Home Health Can Help Prevent Hospital Readmissions
According to the National Association of Area Agencies on Aging, nearly 20 percent of Medicare patients discharged from the hospital are readmitted within 30 days. Ninety percent of readmissions are unplanned and an estimated 75 percent of Medicare hospital readmissions may be preventable. There are numerous reasons for the high rate of readmissions. Often there is a lack of coordination after discharge. Fewer than half of readmitted patients see a physician prior to heading back to the hospital. Studies also show that nearly 20 percent of Medicare discharges are followed by an adverse event within 30 days, often related to medication mismanagement.
Hospital stays are becoming shorter
Another reason for readmissions is that many patients are released too soon. Hospital stays are becoming shorter and shorter and many people are being discharged “sicker and quicker.” A recent study published in the Journal of the American Geriatrics Society discovered that shorter stays in the hospital are linked to earlier readmissions.
Hospital environments can promote adverse health events
Another reason may be the hospital environment itself. During hospitalization, patients experience a variety of conditions that can adversely affect their recovery once they’re home –sleep deprivation, poor nourishment, an increased exposure to infections, and a lack of physical activity. Each of these events can cause problems and impede a healthful recovery. In a January 2013 study appearing in the New England Journal of Medicine, Yale University’s Dr. Harlan Krumholz showed that many hospital readmissions are for a medical condition that is different from the initial cause of hospitalization, which he characterizes as “post-hospital syndrome” – a 30-day period where patients are at risk.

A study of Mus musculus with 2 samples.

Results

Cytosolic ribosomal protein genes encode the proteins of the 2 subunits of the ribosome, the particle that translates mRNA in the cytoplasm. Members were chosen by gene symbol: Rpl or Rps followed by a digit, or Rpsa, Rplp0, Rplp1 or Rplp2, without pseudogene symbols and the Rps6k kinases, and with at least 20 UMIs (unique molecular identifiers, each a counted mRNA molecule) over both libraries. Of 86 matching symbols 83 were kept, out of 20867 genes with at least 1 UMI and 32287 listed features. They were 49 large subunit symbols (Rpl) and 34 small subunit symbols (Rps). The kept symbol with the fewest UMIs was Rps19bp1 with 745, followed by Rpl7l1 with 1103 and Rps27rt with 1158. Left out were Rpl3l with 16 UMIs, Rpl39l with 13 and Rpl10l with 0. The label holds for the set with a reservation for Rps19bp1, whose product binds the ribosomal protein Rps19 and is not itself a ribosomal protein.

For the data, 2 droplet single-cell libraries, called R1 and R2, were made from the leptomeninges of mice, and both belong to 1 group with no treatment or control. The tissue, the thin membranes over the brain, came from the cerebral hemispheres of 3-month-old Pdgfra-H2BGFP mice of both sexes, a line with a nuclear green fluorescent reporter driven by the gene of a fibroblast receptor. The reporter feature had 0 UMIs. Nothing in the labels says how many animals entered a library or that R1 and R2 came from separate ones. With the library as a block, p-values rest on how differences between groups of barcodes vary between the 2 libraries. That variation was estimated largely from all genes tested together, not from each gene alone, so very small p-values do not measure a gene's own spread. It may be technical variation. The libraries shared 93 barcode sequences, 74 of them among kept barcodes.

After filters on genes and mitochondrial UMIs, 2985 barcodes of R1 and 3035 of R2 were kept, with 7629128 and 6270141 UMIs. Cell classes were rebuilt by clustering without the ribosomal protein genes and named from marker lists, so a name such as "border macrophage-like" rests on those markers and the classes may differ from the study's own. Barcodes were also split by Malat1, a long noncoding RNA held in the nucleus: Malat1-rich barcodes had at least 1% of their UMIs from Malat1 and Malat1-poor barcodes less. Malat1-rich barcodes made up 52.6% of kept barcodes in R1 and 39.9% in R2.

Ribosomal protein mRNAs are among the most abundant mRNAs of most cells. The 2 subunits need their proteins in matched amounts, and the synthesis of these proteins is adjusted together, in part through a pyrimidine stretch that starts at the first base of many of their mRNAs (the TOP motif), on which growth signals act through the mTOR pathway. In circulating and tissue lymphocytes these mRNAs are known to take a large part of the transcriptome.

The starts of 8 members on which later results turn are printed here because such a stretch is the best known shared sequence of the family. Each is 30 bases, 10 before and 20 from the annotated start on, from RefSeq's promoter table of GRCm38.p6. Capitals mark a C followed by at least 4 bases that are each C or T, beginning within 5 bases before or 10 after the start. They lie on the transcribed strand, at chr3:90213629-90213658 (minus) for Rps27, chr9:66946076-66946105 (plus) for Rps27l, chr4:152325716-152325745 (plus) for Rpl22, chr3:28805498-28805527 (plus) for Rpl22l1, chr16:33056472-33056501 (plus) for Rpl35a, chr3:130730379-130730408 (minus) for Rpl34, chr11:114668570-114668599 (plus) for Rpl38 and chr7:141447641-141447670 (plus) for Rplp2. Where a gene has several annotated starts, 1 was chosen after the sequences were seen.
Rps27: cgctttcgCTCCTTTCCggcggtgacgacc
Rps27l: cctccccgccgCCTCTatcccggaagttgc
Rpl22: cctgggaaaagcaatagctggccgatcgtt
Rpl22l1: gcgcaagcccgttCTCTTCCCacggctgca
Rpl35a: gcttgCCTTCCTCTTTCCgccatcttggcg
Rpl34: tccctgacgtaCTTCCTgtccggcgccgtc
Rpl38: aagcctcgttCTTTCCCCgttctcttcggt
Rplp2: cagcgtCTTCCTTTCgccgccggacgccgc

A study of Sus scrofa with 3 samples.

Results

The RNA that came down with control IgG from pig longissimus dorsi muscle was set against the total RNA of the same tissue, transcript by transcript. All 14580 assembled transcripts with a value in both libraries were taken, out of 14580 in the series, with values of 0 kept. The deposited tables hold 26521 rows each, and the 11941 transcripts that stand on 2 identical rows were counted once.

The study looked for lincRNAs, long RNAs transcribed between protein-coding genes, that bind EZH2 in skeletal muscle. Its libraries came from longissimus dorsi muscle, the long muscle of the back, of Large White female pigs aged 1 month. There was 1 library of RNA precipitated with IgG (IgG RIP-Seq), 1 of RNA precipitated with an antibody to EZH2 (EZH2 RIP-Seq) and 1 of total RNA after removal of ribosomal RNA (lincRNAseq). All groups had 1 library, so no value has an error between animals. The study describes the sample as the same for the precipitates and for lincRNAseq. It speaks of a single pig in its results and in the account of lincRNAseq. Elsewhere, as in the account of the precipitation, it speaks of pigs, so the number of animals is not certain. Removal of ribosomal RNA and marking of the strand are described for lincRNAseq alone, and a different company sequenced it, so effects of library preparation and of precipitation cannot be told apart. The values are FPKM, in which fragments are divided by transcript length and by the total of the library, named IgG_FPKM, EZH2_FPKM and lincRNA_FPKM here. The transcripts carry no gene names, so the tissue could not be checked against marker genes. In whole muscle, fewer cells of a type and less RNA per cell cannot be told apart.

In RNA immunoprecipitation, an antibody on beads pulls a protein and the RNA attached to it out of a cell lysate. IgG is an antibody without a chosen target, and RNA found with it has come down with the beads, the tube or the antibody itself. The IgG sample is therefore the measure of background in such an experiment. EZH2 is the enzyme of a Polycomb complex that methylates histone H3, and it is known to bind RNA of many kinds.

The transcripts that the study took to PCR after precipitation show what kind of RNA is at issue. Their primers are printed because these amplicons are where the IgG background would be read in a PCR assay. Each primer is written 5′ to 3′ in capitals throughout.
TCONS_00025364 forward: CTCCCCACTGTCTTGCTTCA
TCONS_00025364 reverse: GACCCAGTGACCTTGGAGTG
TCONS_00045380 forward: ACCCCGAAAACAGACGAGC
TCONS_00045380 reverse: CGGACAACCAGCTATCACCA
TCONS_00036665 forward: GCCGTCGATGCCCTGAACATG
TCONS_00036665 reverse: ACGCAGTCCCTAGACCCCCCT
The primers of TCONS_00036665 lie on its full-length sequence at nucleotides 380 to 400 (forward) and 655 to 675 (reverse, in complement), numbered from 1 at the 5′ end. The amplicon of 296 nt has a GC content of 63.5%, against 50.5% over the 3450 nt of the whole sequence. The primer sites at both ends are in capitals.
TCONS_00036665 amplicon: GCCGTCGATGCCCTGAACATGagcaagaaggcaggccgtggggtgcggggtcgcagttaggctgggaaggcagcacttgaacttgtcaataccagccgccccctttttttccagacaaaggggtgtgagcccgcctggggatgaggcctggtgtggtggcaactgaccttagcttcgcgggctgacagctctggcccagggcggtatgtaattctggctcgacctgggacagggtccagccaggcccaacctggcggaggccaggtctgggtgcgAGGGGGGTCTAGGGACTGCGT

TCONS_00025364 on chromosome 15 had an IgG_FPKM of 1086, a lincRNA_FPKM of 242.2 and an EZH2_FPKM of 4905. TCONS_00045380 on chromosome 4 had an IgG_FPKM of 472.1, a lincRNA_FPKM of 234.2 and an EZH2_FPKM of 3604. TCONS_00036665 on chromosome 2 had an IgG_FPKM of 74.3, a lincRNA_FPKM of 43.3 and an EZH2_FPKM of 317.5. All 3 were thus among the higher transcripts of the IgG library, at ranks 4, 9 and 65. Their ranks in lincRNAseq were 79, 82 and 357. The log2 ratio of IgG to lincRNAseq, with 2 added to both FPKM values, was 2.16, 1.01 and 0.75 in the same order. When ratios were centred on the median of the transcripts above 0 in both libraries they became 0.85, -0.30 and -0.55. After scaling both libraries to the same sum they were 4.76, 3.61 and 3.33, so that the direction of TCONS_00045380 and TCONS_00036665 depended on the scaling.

How you can make the transition from hospital to home safer
Transitioning from the hospital to a post-acute care facility or to home is a very vulnerable time for elder adults. The Agency for Healthcare Research and Quality calls for improvements in care transitions with these recommendations:
- Educating patients about their diagnosis and treatment while they are in the hospital and upon discharge
- Making appointments for needed follow-up care
- Improved instructions on how to take medications
- Following up with patients within a few days of discharge
How Home Health can help
One of most effective ways to help ensure a senior’s well-being after coming home for the hospital is to enlist the help of a home health professional. Studies show that people who live alone have a 50 percent higher risk of readmission than those who live with others. A home health professional can help monitor and assess a patient’s health status and be on hand to provide a variety of health care services including wound care, disease management, IV therapy, injections, fall prevention and by acting as a critical link in communicating with other care providers. Perhaps one of the most important roles Home Health can provide is to monitor and administer medications. Medication mismanagement is a serious problem, especially for seniors. There are nearly 100,000 ER visits by people age 65 and older each year due to adverse drug events. It is estimated that 88 percent of these are preventable.